Beware of the converter thieves this Christmas

Catalytic Converter $100

Image by VirtualErn via Flickr

IF you are the unlucky one driving friends this Christmas to a Christmas party, then beware of the Catalytic Converter thieves – they can potentially cost.

 

With the festive season upon us, those tempted to drive friends to a festive party, and leave their cars in unlit places, do so at their own risk, and should heed the following warning from AA.

 

I came back from Kwik Fit today after taking my car in for an exhaust problem that ended up being down to potential thieves trying to steal the catalytic converter on my 4*4.

 

The Kwik Fit mechanic from Weybridge, Surrey, said that the potential thieves had tried to jack up my car, in broad daylight to steal it.

 

He told me: “They had obviously been spooked by someone or something luckily.”

 

“In some cases, these people use kids to do the jacking. Normally they are gypsies”

 

“I have seen a lot of these types of things. People come in asking for converters. I just tell them where to get off.”

He added: “It’s not very nice is it, to find your car exhaust off?”

 

They had even left part of the broken car jack in the side bit underneath which the mechanic had yanked it out of the underneath.

 

 According to the AA website, due to tough economic times since 2008, thieves nick the converters due to them having precious metals which are sold on to metal scrap dealers for a few quid.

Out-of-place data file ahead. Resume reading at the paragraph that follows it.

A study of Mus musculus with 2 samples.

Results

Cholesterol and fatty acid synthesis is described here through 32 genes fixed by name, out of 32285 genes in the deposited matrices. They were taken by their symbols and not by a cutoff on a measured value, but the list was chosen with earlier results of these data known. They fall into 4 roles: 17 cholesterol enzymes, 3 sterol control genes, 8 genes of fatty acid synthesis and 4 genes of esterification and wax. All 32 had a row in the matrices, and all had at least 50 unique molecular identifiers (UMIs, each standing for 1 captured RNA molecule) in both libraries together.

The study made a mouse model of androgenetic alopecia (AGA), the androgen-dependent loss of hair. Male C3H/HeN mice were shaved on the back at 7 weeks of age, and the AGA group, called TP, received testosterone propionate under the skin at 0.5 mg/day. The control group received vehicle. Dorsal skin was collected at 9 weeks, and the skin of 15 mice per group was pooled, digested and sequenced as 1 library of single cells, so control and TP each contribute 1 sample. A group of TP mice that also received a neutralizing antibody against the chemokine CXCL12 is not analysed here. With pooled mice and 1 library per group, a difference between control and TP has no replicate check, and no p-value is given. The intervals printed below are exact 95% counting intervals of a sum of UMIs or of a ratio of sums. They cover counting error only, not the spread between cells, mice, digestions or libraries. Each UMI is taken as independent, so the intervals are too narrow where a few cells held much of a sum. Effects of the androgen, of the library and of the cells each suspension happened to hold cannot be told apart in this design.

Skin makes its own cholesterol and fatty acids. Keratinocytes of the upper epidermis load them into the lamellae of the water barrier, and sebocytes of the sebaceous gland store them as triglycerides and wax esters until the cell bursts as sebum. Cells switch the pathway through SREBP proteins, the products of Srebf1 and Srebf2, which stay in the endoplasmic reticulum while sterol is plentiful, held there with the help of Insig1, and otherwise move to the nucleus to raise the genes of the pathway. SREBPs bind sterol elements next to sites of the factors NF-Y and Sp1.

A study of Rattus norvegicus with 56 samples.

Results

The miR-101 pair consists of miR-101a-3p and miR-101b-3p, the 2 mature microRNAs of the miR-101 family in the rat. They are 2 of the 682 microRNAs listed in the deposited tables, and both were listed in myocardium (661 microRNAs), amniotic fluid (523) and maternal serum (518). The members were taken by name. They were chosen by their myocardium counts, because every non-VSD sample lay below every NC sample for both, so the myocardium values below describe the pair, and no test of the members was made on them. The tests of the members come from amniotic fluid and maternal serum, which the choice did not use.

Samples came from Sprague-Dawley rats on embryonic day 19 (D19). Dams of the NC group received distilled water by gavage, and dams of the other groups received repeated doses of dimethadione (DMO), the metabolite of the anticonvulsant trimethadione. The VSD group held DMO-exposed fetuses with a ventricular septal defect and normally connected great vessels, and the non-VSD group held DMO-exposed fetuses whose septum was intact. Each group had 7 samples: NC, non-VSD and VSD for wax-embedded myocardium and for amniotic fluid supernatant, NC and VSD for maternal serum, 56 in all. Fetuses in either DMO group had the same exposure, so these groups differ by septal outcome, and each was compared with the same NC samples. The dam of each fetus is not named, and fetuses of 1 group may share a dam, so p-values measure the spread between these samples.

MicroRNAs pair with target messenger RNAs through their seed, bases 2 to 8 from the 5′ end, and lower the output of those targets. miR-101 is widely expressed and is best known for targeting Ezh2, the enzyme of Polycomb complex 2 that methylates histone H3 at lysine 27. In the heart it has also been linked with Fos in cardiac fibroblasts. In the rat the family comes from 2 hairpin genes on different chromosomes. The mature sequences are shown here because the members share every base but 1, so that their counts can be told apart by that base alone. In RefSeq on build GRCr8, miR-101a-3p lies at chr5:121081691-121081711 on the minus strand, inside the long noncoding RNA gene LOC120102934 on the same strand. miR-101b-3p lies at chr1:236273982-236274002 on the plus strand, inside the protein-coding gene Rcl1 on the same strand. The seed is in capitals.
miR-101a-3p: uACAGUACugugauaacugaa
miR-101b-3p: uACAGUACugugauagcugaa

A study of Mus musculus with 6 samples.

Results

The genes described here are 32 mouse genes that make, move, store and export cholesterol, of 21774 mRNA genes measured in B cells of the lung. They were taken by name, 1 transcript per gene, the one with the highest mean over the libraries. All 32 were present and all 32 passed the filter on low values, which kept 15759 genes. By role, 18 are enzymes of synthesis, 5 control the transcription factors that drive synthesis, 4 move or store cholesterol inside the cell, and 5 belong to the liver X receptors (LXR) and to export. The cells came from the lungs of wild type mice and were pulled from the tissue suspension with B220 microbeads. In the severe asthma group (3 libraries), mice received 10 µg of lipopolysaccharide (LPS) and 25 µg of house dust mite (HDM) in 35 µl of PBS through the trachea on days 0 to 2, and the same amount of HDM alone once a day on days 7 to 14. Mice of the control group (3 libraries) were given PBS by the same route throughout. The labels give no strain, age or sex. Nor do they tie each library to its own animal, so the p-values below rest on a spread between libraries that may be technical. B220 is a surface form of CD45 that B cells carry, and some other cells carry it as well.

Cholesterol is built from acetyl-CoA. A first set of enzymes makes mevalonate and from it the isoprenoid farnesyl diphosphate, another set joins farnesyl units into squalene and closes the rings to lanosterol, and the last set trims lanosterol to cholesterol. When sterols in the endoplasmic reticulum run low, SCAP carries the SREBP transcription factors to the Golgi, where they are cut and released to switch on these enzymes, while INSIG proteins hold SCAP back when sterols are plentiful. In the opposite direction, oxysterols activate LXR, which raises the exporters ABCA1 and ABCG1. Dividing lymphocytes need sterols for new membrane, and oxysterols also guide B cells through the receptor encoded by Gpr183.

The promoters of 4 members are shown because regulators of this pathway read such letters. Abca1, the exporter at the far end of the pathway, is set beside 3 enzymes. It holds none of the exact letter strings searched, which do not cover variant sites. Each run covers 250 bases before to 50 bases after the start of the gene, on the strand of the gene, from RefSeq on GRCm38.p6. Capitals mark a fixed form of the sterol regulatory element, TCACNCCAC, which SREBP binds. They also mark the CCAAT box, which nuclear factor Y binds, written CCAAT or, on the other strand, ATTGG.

The website adds : “Taller vehicles (4x4s) are particularly vulnerable as the converters are more accessible. Because they tend to have larger engines, they contain more of the precious metals too.  The ceramic honeycomb has to undergo a chemical process known as 'carbochlorination' to recover the precious metals it contains – generally abroad in countries such as China, Poland, Canada and Latvia.”

Once an unmarked converter has been removed from a vehicle it's quite difficult to match it to that vehicle as there aren't any distinguishing marks.”

The AA recommend that you mark your converter, as it will be easier to trace if it does go walkabout.

According to the BBC website, just over 1,100 were taken across Britain, not including London, during the whole of 2009.

 

In the first five months of this year 2011, more than 2,300 were stolen with the south and east of England among the worst affected areas.

 

Paul Crowther heads up the police's action against metal theft, and told the BBC in August this year: “They simply don't give a damn what the impact is of taking something which they get relatively small amounts of cash for.”

He added: “One of the saddest facts about this is that for a few pounds at the scrap dealer, people will cause hundreds of pounds of damage and disruption to someone's everyday life."

REDUCING RISK OF CONVERTER THEFT

*AA say you should garage your car or van where possible. Park in well lit busy areas.  Mark the converter so it can be traced.  Keep an eye on people working on cars, or looking suspicious in car parks.